Some professors require prior appointments

Make sure you know if your professor requires you to sign up for office hours online or during class. This might happen for larger classes or during midterms and finals review week. Don’t show up to a professor’s office when they’re already fully booked.

Prepare a list of questions to ask to help you remember

If there’s something during lecture you didn’t understand or have a question on an assignment, make sure you know exactly what you’re going to ask before going to office hours blindly. Don’t fumble around, but be clear and precise in what you don’t understand. It will be easier to get better answers and more efficient use of the time. Some questions might arise naturally, but you should have a starting question to get the conversation rolling.

Jot down some notes

Professors are literally a fountain of knowledge and the flow of information will be steady and plentiful. Don’t be afraid to bring in a notebook, an outline, or your paper to jot down points that they make or advice that they give. Especially if you’re preparing for an essay or paper, it helps to write down suggestions or recommendations so you can put them to use later on. Obviously, don’t be stuck staring only at your paper that you don’t make eye contact and engage with them!

Attend office hours even if you don’t have questions (get to know them better!)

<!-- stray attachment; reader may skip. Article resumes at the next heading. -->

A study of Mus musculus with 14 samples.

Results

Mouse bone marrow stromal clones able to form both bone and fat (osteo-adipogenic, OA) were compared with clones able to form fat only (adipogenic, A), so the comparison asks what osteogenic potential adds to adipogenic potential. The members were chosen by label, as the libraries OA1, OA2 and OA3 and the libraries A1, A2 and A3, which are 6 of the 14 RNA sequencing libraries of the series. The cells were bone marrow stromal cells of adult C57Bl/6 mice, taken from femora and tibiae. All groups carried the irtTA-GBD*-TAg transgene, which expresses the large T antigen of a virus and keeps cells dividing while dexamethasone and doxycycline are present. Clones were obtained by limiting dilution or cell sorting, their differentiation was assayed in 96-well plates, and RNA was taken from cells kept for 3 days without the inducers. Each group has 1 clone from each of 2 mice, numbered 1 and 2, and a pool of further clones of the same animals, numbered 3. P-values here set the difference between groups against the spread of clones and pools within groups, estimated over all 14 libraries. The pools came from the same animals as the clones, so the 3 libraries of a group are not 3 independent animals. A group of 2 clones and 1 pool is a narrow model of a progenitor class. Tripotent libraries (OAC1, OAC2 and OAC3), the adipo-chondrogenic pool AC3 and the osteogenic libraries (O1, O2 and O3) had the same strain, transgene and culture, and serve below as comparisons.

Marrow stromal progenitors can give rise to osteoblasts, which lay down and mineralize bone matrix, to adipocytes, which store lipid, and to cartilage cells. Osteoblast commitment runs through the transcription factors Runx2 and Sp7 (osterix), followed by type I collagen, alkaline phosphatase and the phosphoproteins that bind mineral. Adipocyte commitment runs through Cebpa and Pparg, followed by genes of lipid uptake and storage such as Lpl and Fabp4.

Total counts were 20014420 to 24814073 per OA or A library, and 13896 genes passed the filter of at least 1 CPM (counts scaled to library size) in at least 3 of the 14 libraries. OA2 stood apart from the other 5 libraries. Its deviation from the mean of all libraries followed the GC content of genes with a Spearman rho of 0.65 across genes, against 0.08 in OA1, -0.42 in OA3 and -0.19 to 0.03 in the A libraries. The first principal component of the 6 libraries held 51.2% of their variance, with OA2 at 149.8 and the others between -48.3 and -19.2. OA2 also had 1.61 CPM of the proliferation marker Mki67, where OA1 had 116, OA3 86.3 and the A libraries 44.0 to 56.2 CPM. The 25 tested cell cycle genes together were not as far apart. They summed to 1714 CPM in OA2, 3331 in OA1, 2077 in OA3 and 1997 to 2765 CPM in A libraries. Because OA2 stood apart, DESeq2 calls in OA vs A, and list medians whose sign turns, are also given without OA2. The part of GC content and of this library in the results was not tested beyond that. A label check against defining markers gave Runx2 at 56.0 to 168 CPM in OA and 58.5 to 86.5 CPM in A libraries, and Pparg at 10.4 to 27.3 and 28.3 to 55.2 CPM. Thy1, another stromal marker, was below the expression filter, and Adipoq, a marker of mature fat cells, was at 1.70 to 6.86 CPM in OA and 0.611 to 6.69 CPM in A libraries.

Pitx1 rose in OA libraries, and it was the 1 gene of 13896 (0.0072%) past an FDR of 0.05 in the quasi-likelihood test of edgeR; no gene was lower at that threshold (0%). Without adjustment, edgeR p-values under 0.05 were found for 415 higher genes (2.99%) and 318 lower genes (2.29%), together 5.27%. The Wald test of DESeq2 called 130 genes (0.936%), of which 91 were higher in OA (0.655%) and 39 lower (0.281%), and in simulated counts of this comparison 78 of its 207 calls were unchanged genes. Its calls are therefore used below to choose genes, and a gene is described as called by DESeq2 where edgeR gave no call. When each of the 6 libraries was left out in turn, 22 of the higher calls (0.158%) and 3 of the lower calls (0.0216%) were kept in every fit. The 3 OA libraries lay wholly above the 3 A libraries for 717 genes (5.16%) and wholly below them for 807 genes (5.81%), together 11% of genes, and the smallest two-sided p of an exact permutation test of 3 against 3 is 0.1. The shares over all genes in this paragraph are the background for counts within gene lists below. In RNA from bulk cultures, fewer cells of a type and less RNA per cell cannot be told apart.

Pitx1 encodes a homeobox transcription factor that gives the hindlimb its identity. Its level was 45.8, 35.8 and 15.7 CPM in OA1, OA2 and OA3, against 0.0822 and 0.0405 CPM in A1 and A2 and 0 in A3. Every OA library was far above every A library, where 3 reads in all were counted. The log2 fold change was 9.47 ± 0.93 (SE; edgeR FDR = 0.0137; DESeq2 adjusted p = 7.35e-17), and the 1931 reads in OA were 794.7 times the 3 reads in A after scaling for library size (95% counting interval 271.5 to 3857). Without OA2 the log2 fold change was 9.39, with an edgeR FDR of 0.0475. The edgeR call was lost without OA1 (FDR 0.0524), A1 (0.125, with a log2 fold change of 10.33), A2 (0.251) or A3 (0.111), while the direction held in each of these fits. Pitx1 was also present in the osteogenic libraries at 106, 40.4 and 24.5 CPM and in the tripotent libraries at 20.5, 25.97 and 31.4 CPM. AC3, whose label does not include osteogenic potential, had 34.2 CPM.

How do you get to know your professor if you don’t have any questions or difficulties in the class? Well, office hours aren’t always about asking questions and getting them answered. For those who find course material manageable or questions answerable by TAs, it’s still important to make connections with a professor. Visit their office hours and poke their brain about related subjects or what they like to do outside of academia (just don’t get too snoopy or inappropriate). I once brought up a news article I found that was related to a point of discussion in the last class and my professor talked in length about it. It was super fascinating and a nice conversation that diverted from the class syllabus. You can even ask them about any reading recommendations they might have if you’re really enjoying the class and would like to learn more.

It’s important to remember that professors are huge nerds just like us. Professors are paid to study what they love and then teach it. They wouldn’t be doing this job unless they were incredibly passionate about their area of expertise. If you have an earnest curiousity in learning more, they will usually welcome this and appreciate your questions and interest. Imagine talking about your absolute favorite subject in the world to someone and how pleasant that is. That’s probably how they feel. So don’t be intimidated or nervous to take advantage of the wealth of knowledge professors have to offer outside of the classroom!


Jilliann Pak hails from the suburbs of SoCal but is currently attending school across the coast at Johns Hopkins University. When she’s not complaining about the cold weather or sleeping in the library, she’s probably eating, cuddled up into a blanket burrito, or watching Parks and Recreation, preferably all at once.